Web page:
WASHINGTON – August 21, 2018 – According to a recent investigation by a VA Inspector General, the Department of Veterans Affairs denied hundreds of military sexual trauma (MST) claims improperly. The result of mishandling these claims could have affected thousands of veterans suffering from post-traumatic stress disorder (PTSD), leaving them without disability benefits.
In 2017, the investigation discovered that the agency had mishandled as many as 1,300 service related military sexual trauma claims. An estimated 12,000 veterans file for military sexual trauma-related PTSD benefits every year.
The lack of focus on these claims at the VA coincided with a massive backlog in veterans benefits claims that caused an outcry nationally over the agency’s ineffectiveness. The backlog, which reached as many as 600,000 claims in 2013, had been reduced to about 80,000 by the end of 2017.
The findings in the VA Inspector General’s report stated that:
∗ The VA failed to order required medical exams in over half the cases.
∗ The records necessary to substantiate the claims in hundreds of cases were not obtained or the claims were just denied outright, despite evidence to the contrary.
∗ The agency was negligent in not providing the training to employees, so the veteran’s claims could be vetted properly.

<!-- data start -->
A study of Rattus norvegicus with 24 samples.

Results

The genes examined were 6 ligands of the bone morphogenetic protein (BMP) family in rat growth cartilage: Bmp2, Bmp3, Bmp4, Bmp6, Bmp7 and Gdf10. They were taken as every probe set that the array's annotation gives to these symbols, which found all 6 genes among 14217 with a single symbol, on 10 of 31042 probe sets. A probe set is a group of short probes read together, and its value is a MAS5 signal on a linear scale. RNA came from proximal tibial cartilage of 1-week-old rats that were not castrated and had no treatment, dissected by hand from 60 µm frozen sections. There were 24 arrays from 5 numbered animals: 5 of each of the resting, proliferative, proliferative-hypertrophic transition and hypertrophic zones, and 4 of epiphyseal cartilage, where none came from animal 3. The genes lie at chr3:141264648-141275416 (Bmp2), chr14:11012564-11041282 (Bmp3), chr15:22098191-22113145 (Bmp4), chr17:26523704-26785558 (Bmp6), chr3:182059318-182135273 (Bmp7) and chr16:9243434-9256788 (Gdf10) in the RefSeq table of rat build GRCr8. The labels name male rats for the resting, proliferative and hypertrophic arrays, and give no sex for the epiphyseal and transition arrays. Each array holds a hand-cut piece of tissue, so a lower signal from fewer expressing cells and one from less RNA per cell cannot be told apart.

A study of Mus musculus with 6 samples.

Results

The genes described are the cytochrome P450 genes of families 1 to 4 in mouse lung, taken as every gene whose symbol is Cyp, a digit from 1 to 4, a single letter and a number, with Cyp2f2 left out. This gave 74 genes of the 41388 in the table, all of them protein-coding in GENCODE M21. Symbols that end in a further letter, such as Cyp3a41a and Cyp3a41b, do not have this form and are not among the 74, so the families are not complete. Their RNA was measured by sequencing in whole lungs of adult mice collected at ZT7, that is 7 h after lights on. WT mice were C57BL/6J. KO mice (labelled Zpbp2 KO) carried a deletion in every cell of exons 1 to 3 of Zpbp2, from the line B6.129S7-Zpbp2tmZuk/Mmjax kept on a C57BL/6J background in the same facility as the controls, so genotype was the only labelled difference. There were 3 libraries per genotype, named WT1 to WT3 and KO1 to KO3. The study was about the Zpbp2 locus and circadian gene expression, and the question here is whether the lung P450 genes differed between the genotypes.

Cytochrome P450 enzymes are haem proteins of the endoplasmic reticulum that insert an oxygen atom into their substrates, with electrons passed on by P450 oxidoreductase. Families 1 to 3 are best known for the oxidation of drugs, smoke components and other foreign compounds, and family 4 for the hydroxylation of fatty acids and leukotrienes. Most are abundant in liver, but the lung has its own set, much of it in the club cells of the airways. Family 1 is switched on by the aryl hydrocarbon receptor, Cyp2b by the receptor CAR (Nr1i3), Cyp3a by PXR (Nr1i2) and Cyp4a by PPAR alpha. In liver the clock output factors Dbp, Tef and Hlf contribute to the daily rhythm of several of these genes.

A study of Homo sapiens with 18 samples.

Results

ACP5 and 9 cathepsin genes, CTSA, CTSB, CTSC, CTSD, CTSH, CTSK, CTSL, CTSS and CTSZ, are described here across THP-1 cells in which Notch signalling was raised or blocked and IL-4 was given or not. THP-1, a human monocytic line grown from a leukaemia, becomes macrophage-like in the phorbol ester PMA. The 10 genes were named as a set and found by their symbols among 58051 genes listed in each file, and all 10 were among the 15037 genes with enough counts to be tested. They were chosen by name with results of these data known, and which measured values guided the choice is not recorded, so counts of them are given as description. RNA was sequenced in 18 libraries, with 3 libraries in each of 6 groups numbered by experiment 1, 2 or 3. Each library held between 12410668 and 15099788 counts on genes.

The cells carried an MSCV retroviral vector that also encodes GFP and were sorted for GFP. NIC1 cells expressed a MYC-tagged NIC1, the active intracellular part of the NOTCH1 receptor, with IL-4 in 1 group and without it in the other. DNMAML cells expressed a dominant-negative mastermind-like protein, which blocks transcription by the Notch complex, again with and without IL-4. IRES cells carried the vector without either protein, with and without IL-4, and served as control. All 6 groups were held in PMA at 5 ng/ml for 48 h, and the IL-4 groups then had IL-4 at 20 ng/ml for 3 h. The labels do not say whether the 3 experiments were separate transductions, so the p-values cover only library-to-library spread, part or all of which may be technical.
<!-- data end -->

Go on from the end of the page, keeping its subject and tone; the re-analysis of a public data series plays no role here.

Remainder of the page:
∗ The report also found that the VA ceased performing quality audits of the military sexual trauma (MST) claims processed in 2015.
∗ In 2016, the VA diverted the claims into a national queue, where they were processed by staff members who had no specialized knowledge of how to process the claims.
Interestingly, claims related to traumatic brain injury or claims from prisoners of war have a specialized process within the VA.
Recommendations by the VA Inspector General were that the agency should review denied claims, mandate specialized vetting and audits, and make better training available for all claims processors.
Paul Lawrence, the VA’s top benefits official, said the agency will comply with the recommendations, in response to the findings.
Back in 2011, special rules were put in place at the VA for the purpose of vetting claims from victims of sexual assault during military service. Guidelines for the types of evidence needed to support the claims was eased, which required the claim’s processors to take extra steps, including obtaining the veteran’s complete personnel file and reviewing it for telltale signs of an assault, such as deteriorating performance.
The investigation also found that the VA had not updated training materials for claim’s processors since 2014 and that the materials were outdated, incomplete and inaccurate.
“Furthermore, the training was one-time only and there was no requirement for annual refresher training,” investigators concluded.
VA staff told investigators that in 2015 they stopped performing audits of processed military sexual trauma (MST) claims and “reallocated resources towards other areas” because the error rates had declined.